Heisman trophy winner Tim Tebow hasn't played a down in the National Football League, but he will nonetheless be a star during the Super Bowl on February 7. That's because the University of Florida quarterback will join his mother in a 30-second Super Bowl ad to deliver an anti-abortion message funded by Focus on the Family. And given the media's fawning coverage so far of Tebow's evangelical fervor, Super Sunday promises to be only the next installment of his pigskin proselytizing.
As the AP reported, Focus on the Family is forking over the estimated $2.8 million for the virgin Tebow to lecture Americans on their reproductive choices on CBS, a network which previously refused to run other controversial ads during the Super Bowl:
The former Florida quarterback and his mother will appear in a 30-second commercial during the Super Bowl next month. The Christian group Focus on the Family says the Tebows will share a personal story centering on the theme "Celebrate Family, Celebrate Life."
The group isn't releasing details, but the commercial is likely to be an anti-abortion message chronicling Pam Tebow's 1987 pregnancy. After getting sick during a mission trip to the Philippines, she ignored a recommendation by doctors to abort her fifth child and gave birth to Tim.
Many sports fans were introduced to that tale and the politics behind it in a hagiographic cover feature titled "You Gotta Love Tim Tebow" in the July 27, 2009 issue of Sports Illustrated. In a piece which lauded Tim Tebow's praiseworthy work for charity (and which featured a page layout including crosses as design elements), SI's Austin Murphy seamlessly wove in the Christian ministry - and ideology - of the Tebow family:
The man on the other end of the line is calling from the Philippines. He has taken time from his missionary work to reply to a reporter's e-mailed questions. Now Bob Tebow has a question of his own: "Have you heard the story of Timmy's birth?"Months before the publication of Tom Krattenmaker's book Onward Christian Athletes, Sports Illustrated related how Tebow's prayers led his Gator team to victory in the 2009 national championship game over Oklahoma:
Even if you have, it's worth hearing from the mouth of his father: "When I was out in the mountains in Mindanao, back in '86, I was showing a film and preaching that night. I was weeping over the millions of babies being [aborted] in America, and I prayed, 'God, if you give me a son, if you give me Timmy, I'll raise him to be a preacher.'" Not long after, Bob and Pam Tebow conceived their fifth child. It was a very difficult pregnancy. "The placenta was never properly attached, and there was bleeding from the get-go," Bob recalls. "We thought we'd lost him several times." Early in the pregnancy Pam contracted amebic dysentery, which briefly put her in a coma. Her doctors, fearful that medications they had given her had damaged the fetus, advised her to abort it. She refused, and on Aug. 14, 1987, Pam delivered a healthy if somewhat scrawny Timothy Richard Tebow.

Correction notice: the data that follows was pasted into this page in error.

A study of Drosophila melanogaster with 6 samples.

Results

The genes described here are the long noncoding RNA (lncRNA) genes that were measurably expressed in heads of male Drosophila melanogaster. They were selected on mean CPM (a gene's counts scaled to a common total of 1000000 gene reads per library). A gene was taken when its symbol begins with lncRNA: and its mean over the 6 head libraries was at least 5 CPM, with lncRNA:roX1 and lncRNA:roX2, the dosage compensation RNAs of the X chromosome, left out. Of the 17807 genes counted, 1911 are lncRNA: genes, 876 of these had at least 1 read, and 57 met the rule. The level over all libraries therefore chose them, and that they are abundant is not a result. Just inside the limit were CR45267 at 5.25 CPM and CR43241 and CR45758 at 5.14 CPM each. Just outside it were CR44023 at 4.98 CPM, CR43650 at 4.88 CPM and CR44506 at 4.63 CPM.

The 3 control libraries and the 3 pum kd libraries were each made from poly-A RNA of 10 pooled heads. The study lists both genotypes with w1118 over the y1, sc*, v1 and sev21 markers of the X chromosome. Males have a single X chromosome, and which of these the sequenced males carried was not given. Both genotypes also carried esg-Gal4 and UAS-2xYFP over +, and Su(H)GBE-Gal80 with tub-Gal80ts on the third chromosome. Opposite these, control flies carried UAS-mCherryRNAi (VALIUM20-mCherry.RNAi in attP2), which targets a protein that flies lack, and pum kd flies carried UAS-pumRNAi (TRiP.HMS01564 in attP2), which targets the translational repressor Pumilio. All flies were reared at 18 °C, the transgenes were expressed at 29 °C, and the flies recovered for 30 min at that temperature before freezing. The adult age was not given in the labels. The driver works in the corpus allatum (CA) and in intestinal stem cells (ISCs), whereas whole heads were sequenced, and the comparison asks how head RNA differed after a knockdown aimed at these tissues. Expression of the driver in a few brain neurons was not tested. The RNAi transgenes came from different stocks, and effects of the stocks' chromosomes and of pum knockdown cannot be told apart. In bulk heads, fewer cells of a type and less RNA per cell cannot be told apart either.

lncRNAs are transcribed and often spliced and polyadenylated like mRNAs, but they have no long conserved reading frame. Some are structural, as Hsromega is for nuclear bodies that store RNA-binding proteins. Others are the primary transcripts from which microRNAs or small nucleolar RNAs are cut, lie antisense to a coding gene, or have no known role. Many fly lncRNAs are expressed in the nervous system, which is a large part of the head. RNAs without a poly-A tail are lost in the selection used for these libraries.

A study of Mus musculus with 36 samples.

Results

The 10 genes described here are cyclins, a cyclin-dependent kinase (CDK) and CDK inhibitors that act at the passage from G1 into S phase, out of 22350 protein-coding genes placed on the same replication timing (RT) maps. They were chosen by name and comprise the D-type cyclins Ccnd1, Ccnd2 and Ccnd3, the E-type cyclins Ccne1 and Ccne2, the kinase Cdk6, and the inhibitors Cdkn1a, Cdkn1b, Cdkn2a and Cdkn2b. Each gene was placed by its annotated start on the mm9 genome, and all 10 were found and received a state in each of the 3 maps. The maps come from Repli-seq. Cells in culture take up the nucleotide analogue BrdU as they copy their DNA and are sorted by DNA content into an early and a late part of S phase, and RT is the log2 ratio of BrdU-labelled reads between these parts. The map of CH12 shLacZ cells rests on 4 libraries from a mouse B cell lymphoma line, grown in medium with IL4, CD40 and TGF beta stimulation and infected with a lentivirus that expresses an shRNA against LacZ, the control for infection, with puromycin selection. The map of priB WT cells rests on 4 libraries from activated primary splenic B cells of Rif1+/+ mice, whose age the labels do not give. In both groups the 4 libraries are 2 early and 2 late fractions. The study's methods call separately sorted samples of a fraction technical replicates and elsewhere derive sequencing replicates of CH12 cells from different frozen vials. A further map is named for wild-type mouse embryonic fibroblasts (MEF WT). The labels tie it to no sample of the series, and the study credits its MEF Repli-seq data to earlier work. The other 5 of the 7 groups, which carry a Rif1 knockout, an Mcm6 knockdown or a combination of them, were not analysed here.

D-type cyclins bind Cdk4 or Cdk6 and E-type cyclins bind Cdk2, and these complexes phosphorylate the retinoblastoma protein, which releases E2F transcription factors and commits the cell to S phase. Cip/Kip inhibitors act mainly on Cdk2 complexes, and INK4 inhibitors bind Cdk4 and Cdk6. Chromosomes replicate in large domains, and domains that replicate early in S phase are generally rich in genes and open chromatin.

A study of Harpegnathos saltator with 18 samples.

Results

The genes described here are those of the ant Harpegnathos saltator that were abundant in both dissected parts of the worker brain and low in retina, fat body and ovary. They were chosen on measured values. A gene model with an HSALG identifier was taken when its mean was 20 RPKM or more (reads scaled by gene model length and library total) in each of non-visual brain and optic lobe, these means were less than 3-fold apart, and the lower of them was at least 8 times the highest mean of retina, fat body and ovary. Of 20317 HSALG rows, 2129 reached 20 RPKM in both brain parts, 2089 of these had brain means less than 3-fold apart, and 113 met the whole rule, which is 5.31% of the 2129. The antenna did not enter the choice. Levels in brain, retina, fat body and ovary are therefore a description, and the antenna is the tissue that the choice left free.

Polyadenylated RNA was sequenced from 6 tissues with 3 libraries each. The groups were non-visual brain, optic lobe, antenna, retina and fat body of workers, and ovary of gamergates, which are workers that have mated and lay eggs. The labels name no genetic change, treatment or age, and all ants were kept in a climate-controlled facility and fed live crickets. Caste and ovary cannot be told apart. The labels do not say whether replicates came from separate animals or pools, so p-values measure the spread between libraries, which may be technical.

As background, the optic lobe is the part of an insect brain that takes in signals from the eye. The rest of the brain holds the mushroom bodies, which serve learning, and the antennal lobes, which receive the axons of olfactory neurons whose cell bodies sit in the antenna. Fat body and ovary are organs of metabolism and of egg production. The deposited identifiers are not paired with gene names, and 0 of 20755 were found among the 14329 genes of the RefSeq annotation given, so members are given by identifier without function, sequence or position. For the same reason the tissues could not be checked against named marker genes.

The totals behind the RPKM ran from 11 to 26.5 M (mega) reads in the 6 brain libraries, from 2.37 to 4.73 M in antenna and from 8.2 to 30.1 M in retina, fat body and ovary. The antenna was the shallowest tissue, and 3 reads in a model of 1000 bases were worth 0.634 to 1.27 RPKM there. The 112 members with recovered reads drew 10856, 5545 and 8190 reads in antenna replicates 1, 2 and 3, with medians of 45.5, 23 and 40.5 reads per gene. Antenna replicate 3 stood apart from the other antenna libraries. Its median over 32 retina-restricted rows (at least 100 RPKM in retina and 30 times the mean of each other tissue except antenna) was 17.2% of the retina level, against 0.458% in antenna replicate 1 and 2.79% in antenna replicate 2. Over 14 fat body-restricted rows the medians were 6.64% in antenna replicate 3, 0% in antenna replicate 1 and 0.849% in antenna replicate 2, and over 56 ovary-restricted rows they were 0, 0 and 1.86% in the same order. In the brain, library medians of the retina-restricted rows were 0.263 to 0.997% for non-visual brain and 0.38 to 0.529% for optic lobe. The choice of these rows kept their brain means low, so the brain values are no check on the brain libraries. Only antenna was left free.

"All his life, from the moment he could understand, I told him, 'You're a miracle baby,'" Bob recalls. "'God's got a purpose for you, and at some point I think He's going to call you to preach.'
"I asked God for a preacher, and he gave me a quarterback."
The verses had the desired effect, relaxing the assembled Gators so much that a kind of impromptu revival meeting broke out. Soon the entire group had broken into song. Casting his mind back to that day, Tebow recalls informing his teammates that they would beat the Sooners "not because we're the better team or because we've worked harder," although he believed those things were true. "We're going to win because we're going to handle it the right way, we're going to be humble with it, with God leading us."Sadly for Tebow, this year God was apparently an Alabama fan, as the Crimson Tide smote the Gators 32-13 on the way to the 2010 title.
As his frank answer to the question about his virginity suggests, Tim Tebow would appear to the walk the walk when it comes to his faith. But to be sure, he has been helped in his proselytizing by the media megaphone he's been given.
Consider, for example, the now weekly ritual of deciphering the biblical verses Tebow etched into his "eye black." Over the 2009 season, Tebow wrote on those black patches shortened versions of Hebrews 12:1-2, John 16:33, Thessalonians 5:18, Mark 8:36 and Ephesians 2:8-10, among others. For his last game in Gainesville, as ESPN reported in November, "Florida fans are urging everyone to wear eye black Saturday -- with or without inscribed bible verses -- in honor of quarterback Tim Tebow's final home game." (No doubt, there are fans in Tuscaloosa wearing eye black with the inscription, "ALA 32:13.")
By all appearances, Tim Tebow is a devout and sincere young man. But in fronting for an organization like Focus on the Family, Tebow has aligned himself with the likes of James Dobson, its hard-line anti-gay founder whose efforts have included a crusade against Spongebob Squarepants. Among FOTF's most recent faith-based initiatives was a "prayercast" to stop health care reform.
As the experience of Arizona Cardinals born-again quarterback Kurt Warner revealed, Tebow risks alienating not only NFL fans, but some of his teammates. Besides, when football fans turn on the TV set on Sunday, many have been to church already. Regardless, for a guy who hasn't yet tossed his first pass as a professional, Tim Tebow risks the wrath of his future fans by throwing a Super Sunday Hail Mary on an issue like abortion.